Fertilizing Crops with Nitrogen

fertilizing crops

June is a busy month as farmers finish up planting, fertilizing, and spraying crops. For corn nitrogen (N), farmers have several options. Many farmers side-dress anhydrous nitrogen to corn. Anhydrous is a concentrated source of nitrogen, 82% by weight while liquid forms of N can be 28-32% or as high as 46%. Ammonia is usually the most economical, however, since it is stored at low temperatures (-28OF) with internal pressures of 250 psi , its more dangerous to apply.

Anhydrous is often applied in the fall or early spring with a N stabilizer, getting at least a portion of their N applied, before spring or early summer rains prevent timely fertilizer application. Advantages include applying N fertilizer during a slack time period and it is generally cheaper and the most economical. Soil bacteria can easily convert ammonia into nitrate. Generally, corn like to take up N as both ammonia and nitrate. Nitrate forms of N promote growth while ammonia forms promote yield. As the season progress, corn growers should be applying more ammonia forms to stimulate yield.

UAN 32% solutions are liquid nitrogen fertilizer solution made from 50% urea and 50% ammonium nitrate. One-fourth of the nitrogen is ammonic, one-fourth is nitrate and one-half is urea and weighs about 11.08 lbs. Although more expensive, some farmers like to apply ammonium sulfate (21% N and 24% Sulphur). Ammonium sulfate is a water loving nitrogen form that also supplies plant available sulfur to aid in plant growth. However, it is also highly acid (5.5 pH), so it should not be applied to acid soils with a low pH. Soil health farmers tend to use either liquid UAN or solid N sources because anhydrous is so cold, it freezes the soil and temporarily hurts soil microbes and other soil organisms in the vicinity. Generally, soils can recover fairly quickly.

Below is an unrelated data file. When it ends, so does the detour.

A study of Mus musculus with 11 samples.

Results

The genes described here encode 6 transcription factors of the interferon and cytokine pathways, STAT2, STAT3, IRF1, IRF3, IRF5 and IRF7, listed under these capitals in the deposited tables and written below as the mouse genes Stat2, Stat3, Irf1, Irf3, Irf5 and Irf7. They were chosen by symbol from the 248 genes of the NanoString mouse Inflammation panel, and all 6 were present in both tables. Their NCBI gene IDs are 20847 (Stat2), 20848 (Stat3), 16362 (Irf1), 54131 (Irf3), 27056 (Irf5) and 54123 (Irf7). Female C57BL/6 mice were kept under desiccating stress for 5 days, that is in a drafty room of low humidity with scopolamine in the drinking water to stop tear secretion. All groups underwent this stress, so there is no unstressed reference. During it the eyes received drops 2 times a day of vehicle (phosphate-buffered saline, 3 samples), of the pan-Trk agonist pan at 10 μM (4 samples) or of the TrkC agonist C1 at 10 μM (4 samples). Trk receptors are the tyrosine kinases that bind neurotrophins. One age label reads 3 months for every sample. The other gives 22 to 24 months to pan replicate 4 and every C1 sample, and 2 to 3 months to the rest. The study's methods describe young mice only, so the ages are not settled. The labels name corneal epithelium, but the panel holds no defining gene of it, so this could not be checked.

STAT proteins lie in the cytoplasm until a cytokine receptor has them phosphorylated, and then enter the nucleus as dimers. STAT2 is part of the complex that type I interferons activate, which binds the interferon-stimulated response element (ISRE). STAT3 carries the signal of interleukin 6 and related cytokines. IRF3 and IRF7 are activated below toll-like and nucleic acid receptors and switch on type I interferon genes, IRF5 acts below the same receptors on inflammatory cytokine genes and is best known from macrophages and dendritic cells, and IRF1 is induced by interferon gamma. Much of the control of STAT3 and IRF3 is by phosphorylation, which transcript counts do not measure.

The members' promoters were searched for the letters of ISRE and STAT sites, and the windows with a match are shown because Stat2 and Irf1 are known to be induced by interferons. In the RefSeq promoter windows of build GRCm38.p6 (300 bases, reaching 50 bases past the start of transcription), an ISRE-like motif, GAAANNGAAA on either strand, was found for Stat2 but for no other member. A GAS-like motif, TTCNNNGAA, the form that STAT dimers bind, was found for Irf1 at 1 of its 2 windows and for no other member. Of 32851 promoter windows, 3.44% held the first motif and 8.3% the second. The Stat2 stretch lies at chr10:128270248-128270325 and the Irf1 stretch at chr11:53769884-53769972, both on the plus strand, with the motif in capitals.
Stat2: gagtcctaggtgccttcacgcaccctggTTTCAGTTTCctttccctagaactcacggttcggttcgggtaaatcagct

Nitrogen can also be applied with Y drops at the base of the corn stalk. Ohio State University research shows that this can be an effective form of N application, applying N right when the crop needs it. Corn uptake of N is the highest after pollination. Most farmers are applying .7 to 1 pound of total N fertilizer for every bushel of corn they produce. For example, for 200-bushel corn, a typical application would be 140-200# of total N (including starter fertilizer).

Some soil health farmers are only applying .5 pounds N per bushel. How is that possible? For many years, it was thought that corn only took up two types of N fertilizer, ammonia and nitrate. Recent research discoveries show that crops can also take up ammino acids and even whole proteins. Corn needs 25% more energy to convert nitrate into an ammonium forms to make amino acids and proteins. Imagine the energy savings if the corn can take up already formed amino acids and proteins. Healthy soils are teaming with microbes. Their can be 1000-2000X more soil microbes associated with live roots, especially where cover crops are grown, and these microbes are just soluble bags of fertilizer. Microbes supply plant with many forms and types of essential fertilizer nutrients as metabolites from the microbial cells.

Crops can absorb soil nitrogen several ways. Legume crops (soybeans, alfalfa, and clovers) have rhizobia bacteria that can take atmospheric nitrogen and convert it to plant nitrogen. Arbuscular Mycorrhizae Fungus (AMF) are like root extenders, scavenging for soil N and transporting it back to the plant. A corn plant root can explore 1% of the soil volume but AMF are like a spider webs and only 1/10 the size of a human hair, exploring 20% of the soil volume. Metarhizium fungus (MET) also supply N to plants. MET fungi infect crop roots and are like Venus fly traps, sucking N as proteins from soil insect eggs, larvae, grubs, and even adult insects. MET are known to infect and ingest almost 200 different insect species, protecting crops from insect feeding while supplying crops with extra N in the form of amino acids and proteins.

Dr. James White, Rutgers University just recently discover a new process called rhizophagy. In rhizophagy, soil microbes are absorbed at the root tips, losing their cells walls. Once inside the roots, about 80-90% of microbes exchange nutrients for sugars. They then are expelled back into the soil and reform their cell walls. The other 10-20% of the microbes are consumed, giving the plant whole amino acids and proteins, vitamins, and enzymes. These are important forms of N and other essential nutrients which will be studied in the future.